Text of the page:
The Ritz-Carlton Leadership Center ( serves as a resource center not only for Ritz-Carlton employees, but for other organizations and businesses interested in benchmarking the business practices that led to Ritz-Carlton becoming a two-time recipient of the Malcolm Baldridge National Quality Award.

Your business will succeed if you have a strong company culture. The culture and adherence to the principles on which it is based are the golden threads that run through and influence everything you and your employees achieve. For success to become a reality, employees must be trained so that their interaction with clients reflects the values for which your firm stands.

At Ritz-Carlton, we have a credo, a motto, and three steps of service that are critical. You can adapt these elements to the vision of what your company culture should be. What upscale remodeling companies and the Ritz-Carlton have in common is that both are service-oriented.

DETERMINE CULTURE The credo should be clear and easy to understand. Ours reads, “The Ritz-Carlton is a place where the genuine care and comfort of our guests is our highest mission. We pledge to provide the finest personal service and facilities for our guests, who will always enjoy a warm, relaxed, yet refined ambience. The Ritz-Carlton experience enlivens the senses, instills well-being, and fulfills even the unexpressed wishes and needs of our guests.”

Your company's motto, which reflects the business' attitudes toward service, should be succinct and easy to remember. Ours is: “We are ladies and gentleman serving ladies and gentlemen.”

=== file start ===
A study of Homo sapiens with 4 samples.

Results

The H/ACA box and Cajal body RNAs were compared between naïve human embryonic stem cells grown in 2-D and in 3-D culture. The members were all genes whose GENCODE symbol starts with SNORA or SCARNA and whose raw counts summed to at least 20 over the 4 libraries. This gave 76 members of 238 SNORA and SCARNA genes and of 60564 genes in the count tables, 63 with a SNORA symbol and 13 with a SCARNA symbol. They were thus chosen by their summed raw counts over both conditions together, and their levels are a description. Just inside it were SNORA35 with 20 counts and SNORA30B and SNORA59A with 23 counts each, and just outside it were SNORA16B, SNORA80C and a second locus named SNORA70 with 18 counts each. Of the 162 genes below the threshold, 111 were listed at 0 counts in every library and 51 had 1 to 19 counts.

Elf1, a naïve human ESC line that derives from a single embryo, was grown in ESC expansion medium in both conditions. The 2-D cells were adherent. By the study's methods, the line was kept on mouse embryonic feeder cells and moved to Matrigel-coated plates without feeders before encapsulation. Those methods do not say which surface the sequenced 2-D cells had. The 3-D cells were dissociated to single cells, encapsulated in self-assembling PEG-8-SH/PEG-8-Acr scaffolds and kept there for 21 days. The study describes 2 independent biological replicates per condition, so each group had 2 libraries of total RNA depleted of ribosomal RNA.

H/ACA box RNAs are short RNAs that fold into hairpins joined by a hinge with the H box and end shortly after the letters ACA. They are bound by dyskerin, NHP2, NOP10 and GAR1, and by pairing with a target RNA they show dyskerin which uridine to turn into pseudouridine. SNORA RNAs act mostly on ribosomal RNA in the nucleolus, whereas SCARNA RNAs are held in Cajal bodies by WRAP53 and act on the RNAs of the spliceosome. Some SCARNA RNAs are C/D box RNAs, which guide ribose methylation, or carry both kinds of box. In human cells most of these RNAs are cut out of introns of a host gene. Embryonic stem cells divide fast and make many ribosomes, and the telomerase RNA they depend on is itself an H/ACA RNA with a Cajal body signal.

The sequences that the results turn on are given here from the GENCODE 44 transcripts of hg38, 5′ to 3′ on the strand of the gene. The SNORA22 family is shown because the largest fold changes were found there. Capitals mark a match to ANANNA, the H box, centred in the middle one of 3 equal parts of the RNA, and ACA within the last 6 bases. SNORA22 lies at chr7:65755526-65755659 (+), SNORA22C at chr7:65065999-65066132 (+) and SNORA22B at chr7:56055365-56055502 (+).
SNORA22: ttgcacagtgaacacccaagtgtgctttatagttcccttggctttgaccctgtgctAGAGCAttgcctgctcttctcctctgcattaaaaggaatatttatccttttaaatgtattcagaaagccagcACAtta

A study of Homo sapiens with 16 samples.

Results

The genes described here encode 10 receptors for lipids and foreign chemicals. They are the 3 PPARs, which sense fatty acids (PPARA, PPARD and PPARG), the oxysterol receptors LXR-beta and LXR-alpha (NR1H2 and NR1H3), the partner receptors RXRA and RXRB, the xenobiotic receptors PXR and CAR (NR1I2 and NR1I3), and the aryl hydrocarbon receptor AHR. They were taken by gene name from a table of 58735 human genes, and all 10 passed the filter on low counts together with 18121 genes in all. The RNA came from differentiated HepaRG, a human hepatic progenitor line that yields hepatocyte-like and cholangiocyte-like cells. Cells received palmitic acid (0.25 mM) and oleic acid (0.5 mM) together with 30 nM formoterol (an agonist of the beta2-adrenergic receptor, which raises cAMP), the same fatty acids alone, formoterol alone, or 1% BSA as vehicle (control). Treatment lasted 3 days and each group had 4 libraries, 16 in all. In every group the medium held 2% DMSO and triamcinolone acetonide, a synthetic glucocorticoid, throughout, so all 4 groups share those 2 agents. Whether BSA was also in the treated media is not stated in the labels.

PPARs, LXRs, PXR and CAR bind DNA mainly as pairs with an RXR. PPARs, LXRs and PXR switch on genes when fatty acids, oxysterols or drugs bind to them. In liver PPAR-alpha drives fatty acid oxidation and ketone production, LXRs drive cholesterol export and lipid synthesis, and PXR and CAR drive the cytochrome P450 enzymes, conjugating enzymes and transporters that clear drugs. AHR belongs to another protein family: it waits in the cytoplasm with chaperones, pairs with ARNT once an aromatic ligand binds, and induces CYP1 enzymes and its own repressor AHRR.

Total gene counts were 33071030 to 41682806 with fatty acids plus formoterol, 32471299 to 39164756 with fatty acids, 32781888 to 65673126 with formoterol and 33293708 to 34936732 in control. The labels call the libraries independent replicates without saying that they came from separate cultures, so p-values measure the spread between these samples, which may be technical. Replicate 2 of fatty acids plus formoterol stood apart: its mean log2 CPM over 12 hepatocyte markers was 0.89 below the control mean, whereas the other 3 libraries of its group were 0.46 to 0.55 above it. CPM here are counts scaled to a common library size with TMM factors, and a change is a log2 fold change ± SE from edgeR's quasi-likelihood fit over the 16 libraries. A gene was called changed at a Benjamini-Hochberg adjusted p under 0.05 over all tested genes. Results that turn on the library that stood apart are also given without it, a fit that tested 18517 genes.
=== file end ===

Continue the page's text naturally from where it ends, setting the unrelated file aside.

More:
Develop “steps of service” that sum up attitudes toward interactions between employees and your customers. The Ritz-Carlton's three steps are:

  • Greet guests warmly and sincerely, and use their names.
  • Anticipate and fulfill the guests' requests.
  • Bid guests a fond farewell, and use their names.

Of those three, the most challenging is the second one. It's easy to provide service if asked directly for something. The challenge is to cultivate what we call a “radar on/antenna up” attitude that enables you to be sensitive enough to your clients to anticipate their needs. SURPRISE AND DELIGHT Recently, when I checked into a Ritz-Carlton to give a presentation, I was losing my voice. Within five minutes, the person at the check-in desk had sent to my room a handwritten note with a tea bag enclosed in the envelope. The note said, “Hot water, lemon, and honey are coming.” Your employees can be trained to anticipate the needs of your clients, whether it's sensing when they need more frequent communication or a suggestion for a trustworthy storage venue for their furniture during the remodel.

Surprising and delighting your customers is the key to great service. Your employees can't be on autopilot when it comes to anticipating client needs.

It is also crucial that the management and owner of the company “walk the talk” as well. If they're not practicing service-centric values, you can't expect it from the rest of the employees.

REINFORCE VALUES DAILY We require employees to go through a formal, two-day orientation. To assure long-term that the cultural values are consistent in employees' minds after that, 15-minute meetings are held daily during which the company's values and how to apply them in everyday situations are discussed. Attendance is nonnegotiable.

Each Monday and Friday, outstanding examples of customer service are presented to motivate employees and help them internalize service values. These examples involve how employees treat one another as well as guests. Recently at The Ritz-Carlton Atlanta, when a guest was asked what paper he wanted in the morning, he responded that he was not really interested in a paper, but was in the mood for pizza right then. A piping hot pizza was delivered to his room within a half hour.

Why bother with culture training? At Ritz-Carlton, we've quantified through research that happy customers spend more money. The advantage remodelers have over what we do at Ritz-Carlton is time. Our employees have, on average, 40 hours to get the job done and make an impression on the customer. With remodeling projects, you have weeks or months to forge positive relationships that can lead to add-ons and repeat business.